Mentions: Pycnodysostosis was first described by Maroteaux and Lamy in 1962 [16], and there is evidence that the French painter Henri de Toulouse-Lautrec [17] and the ancient Greek author Aesop [18] were afflicted by this condition. Pycnodysostosis is characterised by short stature, increased bone fragility, persistent open anterior fontanelle and acro-osteolysis of the terminal phalanges (Figure 2). The typical 'open mouth outline' facial appearance is due to frontal bossing, micrognatia, loss of the mandibular angle (Figure 3), and dental anomalies including persistence of deciduous teeth resulting a double row of teeth [19,20]. Other reported manifestations include joint hypermobility, obliteration of frontal and other sinuses [21], pituitary hypoplasia, cerebral demyelination [22], and hepatosplenomegaly [23].

Osteopetrosis

Stark Z, Savarirayan R - Orphanet J Rare Dis (2009)

Bottom Line: Treatment of osteopetrotic conditions is largely symptomatic, although haematopoietic stem cell transplantation is employed for the most severe forms associated with bone marrow failure and currently offers the best chance of longer-term survival in this group.The severe infantile forms of osteopetrosis are associated with diminished life expectancy, with most untreated children dying in the first decade as a complication of bone marrow suppression.It is anticipated that further understanding of the molecular pathogenesis of these conditions will reveal new targets for pharmacotherapy.

Affiliation: Genetic Health Services Victoria, and Murdoch Childrens Research Institute, Melbourne, Australia. zornitza.stark@ghsv.org.au

ABSTRACT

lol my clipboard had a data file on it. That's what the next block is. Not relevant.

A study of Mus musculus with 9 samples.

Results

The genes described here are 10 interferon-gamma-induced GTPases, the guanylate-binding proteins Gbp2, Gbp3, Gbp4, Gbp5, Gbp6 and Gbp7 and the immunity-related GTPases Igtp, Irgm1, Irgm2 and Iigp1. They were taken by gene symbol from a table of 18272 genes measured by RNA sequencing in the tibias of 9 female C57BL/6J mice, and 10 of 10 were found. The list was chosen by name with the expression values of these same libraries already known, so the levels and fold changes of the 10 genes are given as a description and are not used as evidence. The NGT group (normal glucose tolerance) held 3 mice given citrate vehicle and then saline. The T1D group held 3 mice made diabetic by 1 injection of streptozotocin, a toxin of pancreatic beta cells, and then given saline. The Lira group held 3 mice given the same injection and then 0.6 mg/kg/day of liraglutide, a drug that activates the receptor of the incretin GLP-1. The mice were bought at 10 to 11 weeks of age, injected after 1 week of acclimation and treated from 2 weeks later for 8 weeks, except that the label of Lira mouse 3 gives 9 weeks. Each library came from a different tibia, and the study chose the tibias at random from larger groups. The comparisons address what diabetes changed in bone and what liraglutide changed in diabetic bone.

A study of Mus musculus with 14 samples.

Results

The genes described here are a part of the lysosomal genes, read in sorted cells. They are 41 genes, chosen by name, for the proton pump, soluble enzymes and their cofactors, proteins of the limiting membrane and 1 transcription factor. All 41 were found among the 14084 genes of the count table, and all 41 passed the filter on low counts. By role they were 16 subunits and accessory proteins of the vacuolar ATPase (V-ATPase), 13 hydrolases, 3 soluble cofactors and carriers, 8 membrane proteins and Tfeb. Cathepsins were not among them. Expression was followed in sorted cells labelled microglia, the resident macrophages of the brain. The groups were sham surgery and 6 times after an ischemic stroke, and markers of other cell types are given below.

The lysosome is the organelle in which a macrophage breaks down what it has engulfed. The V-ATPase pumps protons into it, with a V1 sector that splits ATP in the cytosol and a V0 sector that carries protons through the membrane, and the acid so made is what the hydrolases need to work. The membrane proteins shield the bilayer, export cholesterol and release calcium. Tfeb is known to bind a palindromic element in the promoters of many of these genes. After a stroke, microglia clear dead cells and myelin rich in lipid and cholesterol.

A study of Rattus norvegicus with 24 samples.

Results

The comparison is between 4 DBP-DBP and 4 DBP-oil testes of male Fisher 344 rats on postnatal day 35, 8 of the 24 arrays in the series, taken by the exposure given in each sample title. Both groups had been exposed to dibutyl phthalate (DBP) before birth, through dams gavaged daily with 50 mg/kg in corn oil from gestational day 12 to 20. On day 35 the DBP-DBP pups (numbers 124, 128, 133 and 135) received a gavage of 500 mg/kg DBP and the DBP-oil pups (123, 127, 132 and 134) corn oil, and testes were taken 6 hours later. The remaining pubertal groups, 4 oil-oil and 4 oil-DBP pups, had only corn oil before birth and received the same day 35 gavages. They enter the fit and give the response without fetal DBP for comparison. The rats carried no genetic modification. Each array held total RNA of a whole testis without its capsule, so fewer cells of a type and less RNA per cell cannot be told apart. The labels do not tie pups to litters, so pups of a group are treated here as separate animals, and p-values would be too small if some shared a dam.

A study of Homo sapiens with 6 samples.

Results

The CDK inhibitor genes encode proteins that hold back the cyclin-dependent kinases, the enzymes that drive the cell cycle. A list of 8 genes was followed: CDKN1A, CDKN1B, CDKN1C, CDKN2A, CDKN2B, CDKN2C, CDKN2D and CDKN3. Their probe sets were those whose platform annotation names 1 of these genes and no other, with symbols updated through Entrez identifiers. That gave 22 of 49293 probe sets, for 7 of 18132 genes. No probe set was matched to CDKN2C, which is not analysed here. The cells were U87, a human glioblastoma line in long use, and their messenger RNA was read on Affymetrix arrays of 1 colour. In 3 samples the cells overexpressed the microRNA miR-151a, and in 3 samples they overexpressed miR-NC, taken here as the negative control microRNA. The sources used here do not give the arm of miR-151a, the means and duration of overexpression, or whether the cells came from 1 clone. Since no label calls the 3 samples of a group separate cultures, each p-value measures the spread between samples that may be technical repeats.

Osteopetrosis ("marble bone disease") is a descriptive term that refers to a group of rare, heritable disorders of the skeleton characterized by increased bone density on radiographs. The overall incidence of these conditions is difficult to estimate but autosomal recessive osteopetrosis (ARO) has an incidence of 1 in 250,000 births, and autosomal dominant osteopetrosis (ADO) has an incidence of 1 in 20,000 births. Osteopetrotic conditions vary greatly in their presentation and severity, ranging from neonatal onset with life-threatening complications such as bone marrow failure (e.g. classic or "malignant" ARO), to the incidental finding of osteopetrosis on radiographs (e.g. osteopoikilosis). Classic ARO is characterised by fractures, short stature, compressive neuropathies, hypocalcaemia with attendant tetanic seizures, and life-threatening pancytopaenia. The presence of primary neurodegeneration, mental retardation, skin and immune system involvement, or renal tubular acidosis may point to rarer osteopetrosis variants, whereas onset of primarily skeletal manifestations such as fractures and osteomyelitis in late childhood or adolescence is typical of ADO. Osteopetrosis is caused by failure of osteoclast development or function and mutations in at least 10 genes have been identified as causative in humans, accounting for 70% of all cases. These conditions can be inherited as autosomal recessive, dominant or X-linked traits with the most severe forms being autosomal recessive. Diagnosis is largely based on clinical and radiographic evaluation, confirmed by gene testing where applicable, and paves the way to understanding natural history, specific treatment where available, counselling regarding recurrence risks, and prenatal diagnosis in severe forms. Treatment of osteopetrotic conditions is largely symptomatic, although haematopoietic stem cell transplantation is employed for the most severe forms associated with bone marrow failure and currently offers the best chance of longer-term survival in this group. The severe infantile forms of osteopetrosis are associated with diminished life expectancy, with most untreated children dying in the first decade as a complication of bone marrow suppression. Life expectancy in the adult onset forms is normal. It is anticipated that further understanding of the molecular pathogenesis of these conditions will reveal new targets for pharmacotherapy.